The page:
Today something amazing happened. I launched a new site! But that’s not all.

The homepage of both and features some fancy little javascript that acts like a typewriter. On, I used a series of short messages on a loop to finish the phrase, “Nicholas Petersen is ___”. I thought this was pretty clever. The problem was that as extra lines were added, they pushed the rest of the content further down the page.


I had been aware of this problem and tried to minimize it by only allowing 1-2 lines to be added–no more. However, this still became frustrating for a user trying to read the paragraph of text below because it kept jumping vertically.

I had not been able to solve this problem on my own and the time came to launch the site. I made a decision to launch, wait and see if there was feedback and fix it at a later date. Sure enough, I quickly had some constructive feedback and admitted this was a problem I simply had not been able to solve.

This is where the incredible Omaha creative community jumped in!

Screen Shot 2013-04-19 at 10.30.38 PM
Screen Shot 2013-04-19 at 10.33.13 PM

Within an hour or two, several people in the Omaha (and the S.F.) design community started responding to a twitter thread with helpful, constructive suggestions for how to solve this problem.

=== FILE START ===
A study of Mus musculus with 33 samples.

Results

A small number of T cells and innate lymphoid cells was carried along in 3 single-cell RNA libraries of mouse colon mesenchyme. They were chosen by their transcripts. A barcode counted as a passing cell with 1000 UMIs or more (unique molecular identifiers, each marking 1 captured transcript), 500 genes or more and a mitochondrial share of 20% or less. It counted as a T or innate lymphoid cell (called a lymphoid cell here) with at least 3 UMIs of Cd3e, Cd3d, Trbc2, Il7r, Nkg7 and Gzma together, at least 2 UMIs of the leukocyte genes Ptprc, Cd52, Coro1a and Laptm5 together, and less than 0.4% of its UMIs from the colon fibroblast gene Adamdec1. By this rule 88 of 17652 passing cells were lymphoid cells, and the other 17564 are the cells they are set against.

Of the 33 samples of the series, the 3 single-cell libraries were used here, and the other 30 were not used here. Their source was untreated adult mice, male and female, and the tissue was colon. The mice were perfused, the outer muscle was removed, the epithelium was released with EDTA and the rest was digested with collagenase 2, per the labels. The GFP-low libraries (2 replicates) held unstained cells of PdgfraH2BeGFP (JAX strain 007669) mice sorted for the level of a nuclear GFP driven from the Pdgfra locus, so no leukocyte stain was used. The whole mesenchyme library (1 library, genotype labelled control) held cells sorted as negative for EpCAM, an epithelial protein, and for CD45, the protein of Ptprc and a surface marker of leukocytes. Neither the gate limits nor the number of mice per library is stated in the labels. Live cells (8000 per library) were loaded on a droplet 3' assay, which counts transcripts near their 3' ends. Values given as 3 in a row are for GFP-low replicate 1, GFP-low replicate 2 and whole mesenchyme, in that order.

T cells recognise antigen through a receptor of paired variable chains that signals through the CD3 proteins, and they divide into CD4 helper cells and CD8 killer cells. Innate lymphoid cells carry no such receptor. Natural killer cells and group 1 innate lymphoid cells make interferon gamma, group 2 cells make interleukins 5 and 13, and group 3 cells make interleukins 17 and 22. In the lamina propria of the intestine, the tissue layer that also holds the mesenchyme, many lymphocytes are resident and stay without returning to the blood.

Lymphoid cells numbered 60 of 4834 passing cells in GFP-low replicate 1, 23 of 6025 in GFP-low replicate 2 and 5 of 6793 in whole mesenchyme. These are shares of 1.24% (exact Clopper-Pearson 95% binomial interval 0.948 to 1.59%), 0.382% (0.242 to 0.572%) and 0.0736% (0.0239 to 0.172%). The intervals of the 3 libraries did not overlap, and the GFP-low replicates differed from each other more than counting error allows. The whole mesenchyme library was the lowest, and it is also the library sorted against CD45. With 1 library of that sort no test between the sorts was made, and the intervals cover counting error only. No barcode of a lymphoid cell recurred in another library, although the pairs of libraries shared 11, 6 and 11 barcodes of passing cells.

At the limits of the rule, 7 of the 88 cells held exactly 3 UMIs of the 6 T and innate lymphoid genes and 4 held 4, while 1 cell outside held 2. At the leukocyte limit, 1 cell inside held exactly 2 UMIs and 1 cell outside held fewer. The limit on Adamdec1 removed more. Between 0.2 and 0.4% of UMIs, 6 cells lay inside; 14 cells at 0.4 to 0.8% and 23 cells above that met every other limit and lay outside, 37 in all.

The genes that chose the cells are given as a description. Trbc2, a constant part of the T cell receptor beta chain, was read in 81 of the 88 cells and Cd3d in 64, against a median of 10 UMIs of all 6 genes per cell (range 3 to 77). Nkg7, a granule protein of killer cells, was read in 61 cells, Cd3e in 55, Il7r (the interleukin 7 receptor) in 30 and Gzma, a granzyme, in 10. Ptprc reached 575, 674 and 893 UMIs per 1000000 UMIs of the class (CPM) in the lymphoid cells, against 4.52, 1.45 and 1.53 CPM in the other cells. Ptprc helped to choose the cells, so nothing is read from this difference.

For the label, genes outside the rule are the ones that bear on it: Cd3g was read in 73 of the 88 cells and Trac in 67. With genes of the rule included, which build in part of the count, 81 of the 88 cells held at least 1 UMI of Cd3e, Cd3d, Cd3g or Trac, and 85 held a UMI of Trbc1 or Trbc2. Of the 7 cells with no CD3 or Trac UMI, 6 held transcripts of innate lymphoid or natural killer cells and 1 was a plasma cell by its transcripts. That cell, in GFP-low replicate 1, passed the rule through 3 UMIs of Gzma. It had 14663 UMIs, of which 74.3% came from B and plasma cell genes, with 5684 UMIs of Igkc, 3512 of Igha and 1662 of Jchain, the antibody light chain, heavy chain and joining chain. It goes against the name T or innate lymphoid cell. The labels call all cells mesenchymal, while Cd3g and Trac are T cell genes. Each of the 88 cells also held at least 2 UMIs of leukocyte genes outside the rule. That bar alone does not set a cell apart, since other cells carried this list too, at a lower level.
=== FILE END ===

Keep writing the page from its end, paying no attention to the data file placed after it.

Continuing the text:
In the end, a little bit of extra code to determine if someone had scrolled further down the page and stop the typewriter, solved the problem.

The real lesson here was in the immediate collaborative spirit to identify a problem, evaluate limitations and work toward a solution. It would have been easy enough for someone to call out my mistake as an #epicfail and move on. It would have also been easy enough for me to be defensive or dismissive of the problem without pursuing improvement. Instead, a community of helpful problem solvers worked together to make something better.

Its also ok to not know everything. I’ll be the first to admit I’m not the most brilliant developer or the most talented designer. There’s a lot I don’t know but I want to learn, I want to improve and I want to take any opportunity I have to make my solutions better.

This collective problem solving is the type of thing that should happen every day. The culture of collaboration that exists within Omaha is very special and we should all look for ways to cultivate it whenever opportunities arise.